Urban farmers have called on city council to do more to support them if they’re serious about a food and agriculture strategy.
The strategy, first announced in 2019, was set up as a way for northerners to grow their own food and boost the economy and food security at the same time.
Kyle Thomas, one of the owners of Bush Order Provisions says it’s a good step but leaves a number of gaps.
Thomas called for a number of things, including a communal abattoir — to encourage more livestock businesses — incentives for collecting rainwater for commercial use and tax breaks for people starting agriculture businesses.
“It is a big financial investment for us to buy property at market value and to be paying regular property taxes, while we’re still converting the property into farmland,” he said. “Essentially, we don’t have revenue on that land because we need to make sure that it’s nutrient dense to be able to grow produce.”
Councillor Niels Konge said he was cautious about granting subsidies to one industry when all industries want subsidies. He added that commercial agriculture enterprises already receive greater tax breaks than some other industries.
“I always have a challenge when any specific industry comes along and asks for very specific supports,” he said.
“Everybody wants a subsidy and that’s the challenge as a councillor — how do we figure out what specific groups should get these subsidies, for how long should they get these subsidies — because it’s quite difficult to roll subsidies back.”
City administration says there are some regulation issues with things like greenhouse construction — whether the territorial government or the city has jurisdiction — which still has to be worked out. Yellowknife Mayor Rebecca Alty said these could be looked at during the city’s zoning bylaw rewrite. Alty added agriculture stakeholders would be consulted during that process.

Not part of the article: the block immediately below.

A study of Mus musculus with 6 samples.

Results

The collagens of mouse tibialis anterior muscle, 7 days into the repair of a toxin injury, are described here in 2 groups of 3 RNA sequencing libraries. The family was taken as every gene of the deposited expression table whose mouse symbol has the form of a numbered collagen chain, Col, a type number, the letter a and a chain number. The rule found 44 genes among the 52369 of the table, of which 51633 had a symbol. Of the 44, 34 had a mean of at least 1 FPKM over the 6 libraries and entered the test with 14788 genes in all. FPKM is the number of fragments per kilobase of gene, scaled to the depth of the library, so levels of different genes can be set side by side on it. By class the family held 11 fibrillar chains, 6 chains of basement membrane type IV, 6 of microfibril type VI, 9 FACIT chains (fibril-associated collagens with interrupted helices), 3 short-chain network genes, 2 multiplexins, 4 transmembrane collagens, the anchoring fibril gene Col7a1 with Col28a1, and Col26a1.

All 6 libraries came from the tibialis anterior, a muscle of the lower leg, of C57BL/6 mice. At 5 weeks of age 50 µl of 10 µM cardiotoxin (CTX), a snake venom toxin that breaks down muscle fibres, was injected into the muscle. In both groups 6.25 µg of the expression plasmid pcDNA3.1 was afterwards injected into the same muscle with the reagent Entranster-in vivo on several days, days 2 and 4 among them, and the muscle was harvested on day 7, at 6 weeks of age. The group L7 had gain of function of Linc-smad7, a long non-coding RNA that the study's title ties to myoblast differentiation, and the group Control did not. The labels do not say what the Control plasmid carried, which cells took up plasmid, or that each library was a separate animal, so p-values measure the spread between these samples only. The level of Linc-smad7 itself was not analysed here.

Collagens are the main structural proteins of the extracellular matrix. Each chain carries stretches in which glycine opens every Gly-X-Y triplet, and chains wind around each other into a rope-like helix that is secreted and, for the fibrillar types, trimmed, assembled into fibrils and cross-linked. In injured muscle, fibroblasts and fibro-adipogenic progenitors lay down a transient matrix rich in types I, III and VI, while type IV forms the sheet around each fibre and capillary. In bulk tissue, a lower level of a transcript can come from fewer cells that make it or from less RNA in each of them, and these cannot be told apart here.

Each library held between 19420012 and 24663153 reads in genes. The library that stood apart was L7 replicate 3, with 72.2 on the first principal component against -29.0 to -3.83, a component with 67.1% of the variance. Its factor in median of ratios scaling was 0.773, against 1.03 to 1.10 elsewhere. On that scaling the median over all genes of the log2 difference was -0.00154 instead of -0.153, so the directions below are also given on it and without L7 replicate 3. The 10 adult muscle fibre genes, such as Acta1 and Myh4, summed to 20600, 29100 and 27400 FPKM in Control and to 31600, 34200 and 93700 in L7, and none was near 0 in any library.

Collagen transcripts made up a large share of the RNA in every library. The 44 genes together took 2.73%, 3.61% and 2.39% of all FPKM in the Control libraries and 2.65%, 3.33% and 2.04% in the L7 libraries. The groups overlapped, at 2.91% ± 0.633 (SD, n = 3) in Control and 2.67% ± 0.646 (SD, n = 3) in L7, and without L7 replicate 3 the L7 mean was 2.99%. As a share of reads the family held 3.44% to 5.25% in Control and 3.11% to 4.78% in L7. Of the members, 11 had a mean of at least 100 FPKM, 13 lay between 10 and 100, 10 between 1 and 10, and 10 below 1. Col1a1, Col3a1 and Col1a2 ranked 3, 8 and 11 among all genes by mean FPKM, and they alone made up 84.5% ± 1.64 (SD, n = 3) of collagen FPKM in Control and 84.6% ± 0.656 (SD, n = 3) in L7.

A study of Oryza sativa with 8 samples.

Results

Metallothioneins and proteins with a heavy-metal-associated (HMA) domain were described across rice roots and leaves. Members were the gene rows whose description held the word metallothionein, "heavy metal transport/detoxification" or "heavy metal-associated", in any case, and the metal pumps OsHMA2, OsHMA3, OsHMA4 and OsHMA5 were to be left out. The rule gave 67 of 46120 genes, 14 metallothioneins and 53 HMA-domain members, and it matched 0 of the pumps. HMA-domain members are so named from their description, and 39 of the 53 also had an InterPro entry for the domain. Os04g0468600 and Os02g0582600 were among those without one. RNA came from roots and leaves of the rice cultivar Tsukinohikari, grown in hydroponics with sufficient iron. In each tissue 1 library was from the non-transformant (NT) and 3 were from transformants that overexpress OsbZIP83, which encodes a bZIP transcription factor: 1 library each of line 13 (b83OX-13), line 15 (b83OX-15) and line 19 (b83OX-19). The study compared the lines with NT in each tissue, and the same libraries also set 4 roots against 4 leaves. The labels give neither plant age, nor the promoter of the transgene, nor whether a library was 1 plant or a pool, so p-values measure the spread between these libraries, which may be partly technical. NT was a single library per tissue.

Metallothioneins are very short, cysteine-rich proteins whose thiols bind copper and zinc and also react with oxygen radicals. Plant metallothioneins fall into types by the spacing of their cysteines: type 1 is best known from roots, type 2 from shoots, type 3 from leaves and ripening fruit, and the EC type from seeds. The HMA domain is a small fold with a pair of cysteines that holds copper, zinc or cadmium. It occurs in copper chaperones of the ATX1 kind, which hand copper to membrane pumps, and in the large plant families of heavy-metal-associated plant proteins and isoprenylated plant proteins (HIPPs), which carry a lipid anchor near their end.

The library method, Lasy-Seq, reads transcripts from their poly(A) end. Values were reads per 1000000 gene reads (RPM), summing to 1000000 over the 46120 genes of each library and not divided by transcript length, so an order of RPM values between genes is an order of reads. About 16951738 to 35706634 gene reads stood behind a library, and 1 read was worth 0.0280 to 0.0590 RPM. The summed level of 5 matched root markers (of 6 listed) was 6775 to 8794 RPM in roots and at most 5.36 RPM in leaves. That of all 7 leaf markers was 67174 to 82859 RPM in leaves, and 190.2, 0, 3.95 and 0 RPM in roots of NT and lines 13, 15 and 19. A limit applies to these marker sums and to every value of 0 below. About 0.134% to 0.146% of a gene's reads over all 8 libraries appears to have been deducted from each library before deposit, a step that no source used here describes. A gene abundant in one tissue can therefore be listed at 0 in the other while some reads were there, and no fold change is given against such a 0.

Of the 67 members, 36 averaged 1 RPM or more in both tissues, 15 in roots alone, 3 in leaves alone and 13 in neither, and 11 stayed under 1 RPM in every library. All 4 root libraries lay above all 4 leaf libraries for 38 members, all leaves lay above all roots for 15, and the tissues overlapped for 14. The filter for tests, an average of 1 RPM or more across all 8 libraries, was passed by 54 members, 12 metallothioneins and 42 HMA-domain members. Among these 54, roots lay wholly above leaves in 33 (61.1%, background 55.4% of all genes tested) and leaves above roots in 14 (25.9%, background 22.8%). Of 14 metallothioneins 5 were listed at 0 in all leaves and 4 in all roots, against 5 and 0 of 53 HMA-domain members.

Etienne Croteau, chef and owner of Boreal Flavour says he can’t afford to buy a lot of land currently because of the impact COVID-19 is having on business. He suggested the city leases land near Kam Lake for businesses, to help them get started.
“If we want this agriculture project to take place and be taken seriously, I really think that the city has to be involved somehow to get access to lands,” said Croteau.
Croteau added that agriculture may need more support at first to get off the ground, as it is less profitable than some other industries.
Thomas added fees for stalls in the farmer’s market, a key space for fledgling agriculture businesses, have become prohibitively expensive for newer businesses.
“While we may be established as longtime vendors, there are new vendors who can’t afford that initial fee for the farmers market,” said Thomas.
Thomas said supporting agriculture businesses will help improve the territory’s sustainability and reduce food miles — the distance food has to travel from the south of Canada to grocery stores in the NWT.
The city’s economic development strategy, which was passed on Monday, agriculture and food are highlighted as one of the city’s key sectors.
Councillors will continue to debate the specifics of the plan at their next regular council meeting on April 12.